Zone containers and nodes

Many ADEdit commands require you to specify the zone container. This container is the root container used by Centrify to store the zone information for the users, groups, computers and child zones. This container can have any name and can be anywhere in Active Directory. This container can also be an organizational unit.

Before you proceed, you need to know the location of the zone containers in Active Directory and the distinguished names you use to specify the zone container and its objects.

This section illustrates some sample cases with different locations for the zone container and the distinguished name for commonly used variables in the scripts.

In this example, the installer defined a base organizational unit called Centrify. This architecture is often used because it puts all the UNIX-related information in a single branch. The container with the zone information is called Zones.

In addition to the Zones container location, the installation script requires the installer to specify a location for a container to store the Centrify software licenses. In this figure, the node—Licenses—is in the base organizational unit. However, it does not need to be there.

In this figure, the installer also created another organizational unit called UNIX Groups for the Active Directory groups used for the UNIX users. Keeping all of the groups recreated for the UNIX users in a single node simplifies managing them and the privileges assigned to each user. (With few exceptions, the UNIX users get their rights from the role assigned to the group in which they are a member.) Often, more organizational units are created for managing different classes of UNIX user and UNIX services.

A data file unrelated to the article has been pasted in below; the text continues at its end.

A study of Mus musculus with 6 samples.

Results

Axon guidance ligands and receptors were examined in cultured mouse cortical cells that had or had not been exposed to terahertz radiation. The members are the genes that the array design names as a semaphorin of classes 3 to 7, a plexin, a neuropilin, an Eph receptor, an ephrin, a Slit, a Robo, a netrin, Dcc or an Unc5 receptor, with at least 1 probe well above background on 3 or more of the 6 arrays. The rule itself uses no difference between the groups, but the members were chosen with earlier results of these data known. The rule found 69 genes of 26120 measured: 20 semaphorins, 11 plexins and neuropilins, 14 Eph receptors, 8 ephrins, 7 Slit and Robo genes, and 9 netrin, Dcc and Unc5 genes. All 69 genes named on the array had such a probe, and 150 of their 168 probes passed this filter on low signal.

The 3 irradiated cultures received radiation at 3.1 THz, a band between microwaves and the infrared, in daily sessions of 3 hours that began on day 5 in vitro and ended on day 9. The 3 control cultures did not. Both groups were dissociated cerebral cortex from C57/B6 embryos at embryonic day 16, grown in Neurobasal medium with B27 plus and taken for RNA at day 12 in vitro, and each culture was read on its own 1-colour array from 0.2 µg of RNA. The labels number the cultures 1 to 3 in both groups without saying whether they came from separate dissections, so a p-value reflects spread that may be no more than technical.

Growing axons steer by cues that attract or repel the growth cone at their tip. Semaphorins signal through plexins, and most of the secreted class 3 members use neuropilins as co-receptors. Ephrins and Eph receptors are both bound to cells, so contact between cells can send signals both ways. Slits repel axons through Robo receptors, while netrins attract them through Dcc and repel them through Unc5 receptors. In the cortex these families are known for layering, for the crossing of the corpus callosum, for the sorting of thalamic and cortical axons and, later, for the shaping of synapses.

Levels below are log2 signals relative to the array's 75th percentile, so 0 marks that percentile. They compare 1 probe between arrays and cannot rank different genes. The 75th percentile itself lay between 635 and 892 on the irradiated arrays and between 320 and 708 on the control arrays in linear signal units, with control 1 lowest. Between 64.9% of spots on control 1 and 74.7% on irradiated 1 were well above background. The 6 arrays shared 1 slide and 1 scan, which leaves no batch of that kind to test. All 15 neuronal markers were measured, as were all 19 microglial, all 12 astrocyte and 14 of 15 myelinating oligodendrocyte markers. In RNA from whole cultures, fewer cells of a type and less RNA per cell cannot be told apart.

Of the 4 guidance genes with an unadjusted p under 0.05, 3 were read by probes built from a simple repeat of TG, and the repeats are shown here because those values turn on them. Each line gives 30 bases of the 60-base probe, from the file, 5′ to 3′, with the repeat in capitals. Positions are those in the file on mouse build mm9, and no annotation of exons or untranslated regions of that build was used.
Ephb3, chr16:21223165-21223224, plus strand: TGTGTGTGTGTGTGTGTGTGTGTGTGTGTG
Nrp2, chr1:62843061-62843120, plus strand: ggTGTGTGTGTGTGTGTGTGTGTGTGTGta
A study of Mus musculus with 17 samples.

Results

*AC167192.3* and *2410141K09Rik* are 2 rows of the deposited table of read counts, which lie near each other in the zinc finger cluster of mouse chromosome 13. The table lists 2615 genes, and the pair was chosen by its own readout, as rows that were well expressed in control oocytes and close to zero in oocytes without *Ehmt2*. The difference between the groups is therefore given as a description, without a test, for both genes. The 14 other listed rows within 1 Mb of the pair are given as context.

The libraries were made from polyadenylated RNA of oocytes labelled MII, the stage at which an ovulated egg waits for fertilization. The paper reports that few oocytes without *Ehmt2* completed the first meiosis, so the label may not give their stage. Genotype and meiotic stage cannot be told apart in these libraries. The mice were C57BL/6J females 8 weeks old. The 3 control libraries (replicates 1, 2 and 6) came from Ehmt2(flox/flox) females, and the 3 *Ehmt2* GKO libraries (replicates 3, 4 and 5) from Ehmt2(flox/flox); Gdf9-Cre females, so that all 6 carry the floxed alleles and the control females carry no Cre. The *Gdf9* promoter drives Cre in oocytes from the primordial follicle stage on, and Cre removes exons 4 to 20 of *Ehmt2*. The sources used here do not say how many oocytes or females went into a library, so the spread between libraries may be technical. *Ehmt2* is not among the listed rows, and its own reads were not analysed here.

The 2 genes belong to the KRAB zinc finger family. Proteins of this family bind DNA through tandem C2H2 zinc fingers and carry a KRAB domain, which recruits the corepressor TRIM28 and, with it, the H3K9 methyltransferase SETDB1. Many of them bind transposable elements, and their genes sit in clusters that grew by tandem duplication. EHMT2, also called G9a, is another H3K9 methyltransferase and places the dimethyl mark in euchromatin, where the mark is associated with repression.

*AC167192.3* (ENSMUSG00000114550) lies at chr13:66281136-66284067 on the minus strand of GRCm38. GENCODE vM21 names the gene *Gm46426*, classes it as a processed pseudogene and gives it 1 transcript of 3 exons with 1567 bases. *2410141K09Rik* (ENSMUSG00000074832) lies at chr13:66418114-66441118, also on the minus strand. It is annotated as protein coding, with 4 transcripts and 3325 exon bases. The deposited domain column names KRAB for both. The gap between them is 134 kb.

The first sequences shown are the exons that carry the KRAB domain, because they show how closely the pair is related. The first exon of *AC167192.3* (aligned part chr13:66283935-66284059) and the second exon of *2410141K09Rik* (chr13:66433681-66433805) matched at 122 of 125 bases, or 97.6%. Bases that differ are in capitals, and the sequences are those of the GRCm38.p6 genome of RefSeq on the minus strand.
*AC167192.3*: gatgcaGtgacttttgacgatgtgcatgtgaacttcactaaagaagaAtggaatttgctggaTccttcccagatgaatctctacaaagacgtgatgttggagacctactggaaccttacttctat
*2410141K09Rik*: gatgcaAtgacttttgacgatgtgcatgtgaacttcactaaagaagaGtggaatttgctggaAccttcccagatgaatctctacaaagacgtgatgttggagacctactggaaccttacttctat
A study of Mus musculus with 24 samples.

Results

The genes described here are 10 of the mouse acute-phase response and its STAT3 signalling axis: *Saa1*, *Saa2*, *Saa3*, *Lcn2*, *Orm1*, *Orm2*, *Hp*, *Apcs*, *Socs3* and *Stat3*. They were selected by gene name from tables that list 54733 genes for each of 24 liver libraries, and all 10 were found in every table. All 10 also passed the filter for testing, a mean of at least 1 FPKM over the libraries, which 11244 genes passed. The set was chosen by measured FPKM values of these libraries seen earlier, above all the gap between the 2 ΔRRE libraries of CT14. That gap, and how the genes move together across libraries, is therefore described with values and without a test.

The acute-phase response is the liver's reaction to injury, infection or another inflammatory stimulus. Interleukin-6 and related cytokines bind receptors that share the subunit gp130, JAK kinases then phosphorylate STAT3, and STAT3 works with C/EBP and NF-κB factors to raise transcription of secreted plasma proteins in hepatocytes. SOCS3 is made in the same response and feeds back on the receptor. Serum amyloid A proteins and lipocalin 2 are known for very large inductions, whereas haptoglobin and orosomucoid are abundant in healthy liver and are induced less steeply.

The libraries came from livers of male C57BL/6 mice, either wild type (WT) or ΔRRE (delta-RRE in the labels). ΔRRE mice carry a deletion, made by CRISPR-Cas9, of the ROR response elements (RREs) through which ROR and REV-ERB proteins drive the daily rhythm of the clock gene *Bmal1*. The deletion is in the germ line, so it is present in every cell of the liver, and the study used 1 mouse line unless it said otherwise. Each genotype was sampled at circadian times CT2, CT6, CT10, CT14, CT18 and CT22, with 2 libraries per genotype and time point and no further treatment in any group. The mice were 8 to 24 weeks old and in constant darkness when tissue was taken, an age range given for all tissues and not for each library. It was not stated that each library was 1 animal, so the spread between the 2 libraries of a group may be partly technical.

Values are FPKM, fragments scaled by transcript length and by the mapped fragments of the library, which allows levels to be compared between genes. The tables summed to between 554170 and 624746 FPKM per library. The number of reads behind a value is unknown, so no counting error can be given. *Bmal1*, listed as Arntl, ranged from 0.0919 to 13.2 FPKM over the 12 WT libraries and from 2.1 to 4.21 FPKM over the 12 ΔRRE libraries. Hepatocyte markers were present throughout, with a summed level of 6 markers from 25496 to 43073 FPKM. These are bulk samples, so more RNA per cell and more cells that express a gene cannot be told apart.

There are two zones in this figure: the parent zone HQ and a child zone named Alpha. Each zone contains nodes labeled Computers, Groups, Users, and Authorization. When you specify a zone, computer, user, or group in an ADEdit command you must use the distinguished name. The following table illustrates the distinguished names.

Object type Example Example distinguished name

Domain

demo.test

dc=demo,dc=test

Base organizational unit

Centrify

ou=Centrify,dc=demo,dc=test

Zone container

Zones

cn=Zones,ou=Centrify,dc=demo,dc=test

Parent zone

HQ

cn=HQ,cn=Zones,ou=Centrity,dc=demo,dc=test

Child zone

Alpha

cn=Alpha,cn=HQ,cn=Zones,ou=Centrity,dc=demo,dc=test

Organizational unit

UNIX Groups

“ou=UNIX Groups,ou=Centrify,dc=demo,dc=test”

UNIX group

ApacheAdmins

“cn=ApacheAdmin,ou=UNIX Groups,ou=Centrify,dc=demo,
dc=test”

Computer in Alpha zone

RHEL

cn=RHEL,cn=Computers,cn=Alpha,cn=HQ,cn=Zones,ou=Centrity,dc=demo,dc=test

You should note that distinguished names can contain space, as illustrated by the UNIX Groups organizational unit. To prevent Tcl from interpreting a space as new element in a list, you can enclose the distinguished name with double quotes (“ “) or using braces ({ }). When specifying distinguished names, you should also be sure to use ou and cn correctly. Commands will fail if you refer to an organizational unit using cn.